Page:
If you are a mental health worker and if your experience is similar to that of many, you may have noticed most or all of the following problems with education and mental health system practices related to psychotic experiences:
- Despite many words being spoken about “recovery,” there is a lack of information about how people can help themselves to get better, or how psychological approaches might assist with this
- The focus is almost entirely on providing medication and distraction techniques, even when those pretty clearly aren’t working
- Mental health workers are afraid to talk to people about the details of their “psychotic” experiences, perhaps because of not knowing how or fear of making them worse
- People continue to be told that psychotic disorders like schizophrenia are brain illnesses mostly unrelated to life experiences, even as more research highlights the way these disorders are much more likely to occur in people who have experienced child abuse, bullying, and other traumas
If you have been encountering the problems listed above, you may feel that providing treatment under existing models can be somewhat dreary and hopelessness-inducing, and that “recovery” often becomes a word people use but don’t quite believe in. You may feel that your clients deserve better treatment that would address their traumas and complex life experience and that would teach them skills that would give them a chance to make a full recovery, but you don’t have a clear direction to go in providing such treatment.
Now imagine that things have changed, so that:
- You now have confidence that you will be able to collaborate with the person in a process of investigating experiences that initially seem bewildering and highly distressing, and you know there is a good chance you can help the person eventually make sense of them and develop effective coping strategies.
- If the person needs or wants an alternative to relying on medications to manage psychotic experiences, you now have reason to believe, based on your own experience and that of research into the effectiveness of your therapeutic approach, that success is very possible though still not certain.
- When people report traumatic experience in their past, you help them find possible connections between the trauma and the psychosis, and you provide therapy that helps them have a good chance of healing from both.
- You go off to work now with a new vitality and excitement, because you now find working with people with psychotic experiences to be fascinating, and hopeful. The people you work with don’t always make good recoveries, but they often do, and when this happens they typically identify skills they developed during their interaction with you as being an important part of that recovery.
CBT for psychosis is an evidence based approach that can help you achieve all of the above!
In this introductory seminar on CBT for psychosis, you can learn to:
- Collaborate with people in exploring difficult experiences, helping people develop their own perspective and their own solutions rather than telling people what to think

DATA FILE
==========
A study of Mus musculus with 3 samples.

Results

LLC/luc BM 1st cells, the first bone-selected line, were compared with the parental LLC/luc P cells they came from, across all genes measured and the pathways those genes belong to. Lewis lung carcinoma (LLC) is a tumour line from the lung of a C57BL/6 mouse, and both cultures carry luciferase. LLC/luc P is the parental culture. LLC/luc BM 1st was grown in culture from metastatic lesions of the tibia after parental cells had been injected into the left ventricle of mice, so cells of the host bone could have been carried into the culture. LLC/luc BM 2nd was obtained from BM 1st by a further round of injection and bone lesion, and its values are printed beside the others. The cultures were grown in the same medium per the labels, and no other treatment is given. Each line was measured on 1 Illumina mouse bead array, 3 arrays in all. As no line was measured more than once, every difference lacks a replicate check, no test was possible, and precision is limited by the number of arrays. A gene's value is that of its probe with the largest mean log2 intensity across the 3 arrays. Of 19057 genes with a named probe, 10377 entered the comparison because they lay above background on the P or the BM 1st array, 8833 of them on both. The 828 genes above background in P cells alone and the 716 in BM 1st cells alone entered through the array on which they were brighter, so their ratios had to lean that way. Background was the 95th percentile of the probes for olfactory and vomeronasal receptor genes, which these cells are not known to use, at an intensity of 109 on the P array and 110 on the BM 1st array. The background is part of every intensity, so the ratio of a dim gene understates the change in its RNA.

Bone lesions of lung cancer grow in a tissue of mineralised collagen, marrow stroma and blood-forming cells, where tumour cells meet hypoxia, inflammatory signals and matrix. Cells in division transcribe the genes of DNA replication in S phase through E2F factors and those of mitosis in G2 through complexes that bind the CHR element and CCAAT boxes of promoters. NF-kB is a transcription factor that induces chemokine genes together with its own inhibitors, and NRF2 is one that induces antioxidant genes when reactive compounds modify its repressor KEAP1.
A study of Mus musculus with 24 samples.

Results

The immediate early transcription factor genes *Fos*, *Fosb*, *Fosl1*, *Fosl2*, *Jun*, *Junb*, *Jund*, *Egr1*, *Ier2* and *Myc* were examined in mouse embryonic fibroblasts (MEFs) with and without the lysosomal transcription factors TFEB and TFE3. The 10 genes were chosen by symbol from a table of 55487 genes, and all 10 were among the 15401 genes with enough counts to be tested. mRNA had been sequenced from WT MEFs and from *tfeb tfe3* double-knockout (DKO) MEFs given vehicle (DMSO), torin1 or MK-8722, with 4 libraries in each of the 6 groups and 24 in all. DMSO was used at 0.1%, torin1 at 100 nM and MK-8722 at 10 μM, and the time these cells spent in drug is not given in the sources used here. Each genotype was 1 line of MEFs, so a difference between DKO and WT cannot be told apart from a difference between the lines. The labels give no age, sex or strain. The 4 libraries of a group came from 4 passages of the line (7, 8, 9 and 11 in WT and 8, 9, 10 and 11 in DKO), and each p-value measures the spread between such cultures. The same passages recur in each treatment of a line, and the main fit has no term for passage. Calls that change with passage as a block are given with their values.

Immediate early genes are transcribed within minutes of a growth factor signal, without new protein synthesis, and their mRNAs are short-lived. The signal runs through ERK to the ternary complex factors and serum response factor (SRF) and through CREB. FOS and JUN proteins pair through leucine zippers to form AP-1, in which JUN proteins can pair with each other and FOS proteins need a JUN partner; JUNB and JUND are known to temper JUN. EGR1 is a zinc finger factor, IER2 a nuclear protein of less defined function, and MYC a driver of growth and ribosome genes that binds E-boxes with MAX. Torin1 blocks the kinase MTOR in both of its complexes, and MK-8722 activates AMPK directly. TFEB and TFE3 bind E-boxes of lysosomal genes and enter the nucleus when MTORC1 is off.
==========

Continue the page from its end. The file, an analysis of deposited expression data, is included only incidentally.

- Reduce fear of psychotic experiences, and build hope for coping and for recovery. using the CBT approach called “normalizing”
- Help people develop a coherent story or individualized formulation of what led to psychotic difficulties, which then guides efforts toward recovery
- Become familiar with a broad range of psychological strategies which have been found helpful for experiences such as paranoia, hearing voices or other “hallucinatory” experiences, delusional or disorganized thinking, and “negative symptoms.”
The seminar incorporates video demonstrations of the methods being presented.
Regarding CE credits: Continuing education credit is provided by Commonwealth Educational Seminars (CES) for the following professions in the US. Attendees completing this program are awarded 5 hours of continuing education credit of the following types:
Social Workers: CES, provider #1117, is approved as a Provider for Social Work Continuing Education by the Association of Social Work Boards (ASWB) www.aswb.org, through the Approved Continuing Education (ACE) program. CES maintains responsibility for the program. ASWB approval period: October 6, 2012- October 5, 2015. Social Workers should contact their regularity board to determine course approval. Social Workers participating in this course will receive 5 clinical continuing education clock hours.
Psychologists: Commonwealth Educational Seminars (CES) is approved by the American Psychological Association (APA) to offer continuing education credit programs. CES maintains responsibility for this program. Psychologists earn 5 continuing education hours by completing this program.
Nurses: As an APA approved provider CES programs are accepted by the American Nurses Credentialing Center (ANCC). Every state Board of Nursing accepts ANCC approved programs except California and Iowa. CES is also an approved Continuing Education provider by the California Board of Registered Nursing, (Provider Number CEP15567) which is also accepted by the Iowa Board of Nursing. Nurses completing this program receive 5 CE hours of credit.
Cost: The regular cost for this seminar is $89, however, prior to July 15, 2015, it’s being offered for the discounted price of only $49!
You can also click the “Register Now” button if you want a bit more information and/or if you want to preview, for free, the section of the course on “normalizing,” a CBT method which aims to reduce pathologizing and “fear of madness.”
Also, if you are interested in this course and you are a non-professional, for example a person with lived experience of psychosis or a family member, you are welcome to register for free, using this link. Note that this free offer is only until July 15, 2015, after that the scholarship rate will be $10.